Grad Profile: Felled by a Stroke, Student Attends Graduation Ceremony Four Decades Later

Wednesday May 8, 2013

Grad Profile: Felled by a Stroke, Student Attends Graduation Ceremony Four Decades Later


Robert Schiller's Class of 1973 student identification card.

Robert Schiller knows something about second chances.

In the early 1970s, he was an older student at Rutgers. He was in his 30s, juggling studies, a full-time job and a young family. A month before his graduation from University College, Schiller moved to Indiana to begin a new job. He had arranged to finish his exams and complete the final requirements and was planning to fly back to New Jersey for the graduation ceremony.

Those plans quickly unraveled when he suffered a stroke that left him partially paralyzed. Instead of attending a ceremony, he received his undergraduate degree in business management weeks later when it arrived unceremoniously in the mail.

Four decades later, Schiller, who eventually regained his mobility and his memory loss and went back to work, is planning to make up for missing his original commencement in 1973 by participating in the Rutgers University graduation ceremony on May 19. He will represent Rutgers Business School.  

“It’s certainly a day I’m looking forward to,” Schiller said. “Rutgers changed my life and gave me the opportunity to have the life I did.”

Marty Markowitz, senior associate dean of Rutgers Business School’s undergraduate program in New Brunswick, made the decision to give Schiller the chance to participate in a commencement ceremony.   

“His wife thought this was an emptiness, that he never got to celebrate his graduation,” Markowitz said. “Rutgers Business School wanted to give him the chance to have completion.”  During the ceremony, Markowitz plans to call Schiller’s name first and to acknowledge his long wait to participate in the procession to the podium.

At the time he was originally scheduled to graduate, Schiller was beginning the process of rehabilitating at his in-law’s home in Florida. He and his wife, Lucille – their children were 7 years old and 5 months old at the time – carried on “with lots of prayers, determination and the support of wonderful friends,” Schiller said.

 

Robert & Lucille Schiller

Schiller with his wife Lucille in Florida.

“I had to relearn everything, how to use my hands, how to speak, how to climb stairs,” Schiller said. “I kept doing things until I could do them naturally.”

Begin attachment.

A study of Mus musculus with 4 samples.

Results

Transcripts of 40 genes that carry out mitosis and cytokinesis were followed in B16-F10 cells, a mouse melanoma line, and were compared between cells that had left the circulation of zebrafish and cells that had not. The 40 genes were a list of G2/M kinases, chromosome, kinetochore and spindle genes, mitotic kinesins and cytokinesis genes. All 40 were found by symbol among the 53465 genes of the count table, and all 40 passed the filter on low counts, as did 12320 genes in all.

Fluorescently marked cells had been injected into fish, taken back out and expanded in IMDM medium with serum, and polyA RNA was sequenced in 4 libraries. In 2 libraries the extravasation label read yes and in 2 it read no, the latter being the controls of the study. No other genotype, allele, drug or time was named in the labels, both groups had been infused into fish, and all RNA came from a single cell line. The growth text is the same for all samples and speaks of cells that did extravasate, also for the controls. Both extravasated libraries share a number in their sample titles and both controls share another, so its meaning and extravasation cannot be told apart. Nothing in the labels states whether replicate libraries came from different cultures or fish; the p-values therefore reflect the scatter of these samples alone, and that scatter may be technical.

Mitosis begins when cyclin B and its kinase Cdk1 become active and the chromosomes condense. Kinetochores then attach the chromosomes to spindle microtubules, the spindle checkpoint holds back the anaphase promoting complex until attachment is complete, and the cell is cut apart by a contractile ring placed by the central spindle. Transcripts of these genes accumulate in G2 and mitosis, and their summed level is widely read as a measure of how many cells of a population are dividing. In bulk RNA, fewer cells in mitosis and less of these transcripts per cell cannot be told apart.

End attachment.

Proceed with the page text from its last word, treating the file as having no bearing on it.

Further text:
Schiller, who worked in quality assurance in the automotive and aeronautical industries his entire career, found a new job in Milwaukee.  In 1981, he switched jobs again, relocating his family to Chicago, where he and his wife still live for half of the year. (They spend the other six months as “snowbirds” in the Florida community of Lantana.)

Schiller’s health remained an issue during his career. He suffered four additional strokes, each less severe than the first one.

 After a stint working as a consultant, Schiller retired in 2003. He plays tennis and rides bike – the exercise started as a way of countering the effects of his strokes. He also spends time volunteering. In Florida, he cooks every Tuesday for the homeless. In Illinois, he volunteers at a food pantry.

“It’s a pay back,” Schiller said. “Lou and I feel like we’ve had very good lives and now it’s time to give back to society.”

Lucille Schiller said she contacted Rutgers last year after reading a story in the university’s alumni magazine about a graduate who “walked” belatedly. When she showed the story to Schiller, he told her, “Boy, that’s something I really missed.” 

His wife kept her communications with Rutgers a secret because she didn’t want to disappoint Schiller if it wasn’t possible for him to participate in a ceremony belatedly. Since management programs are now offered by Rutgers Business School, university and alumni officials decided Schiller would “graduate’’ with RBS students.

“I thought it would be a nice gesture,” Markowitz said.

When Lucille Schiller received the e-mail saying her husband would be welcome to take part, she said she couldn’t wait to share the news. 

“I read it out loud to him,” she said, “and it brought us both to tears.”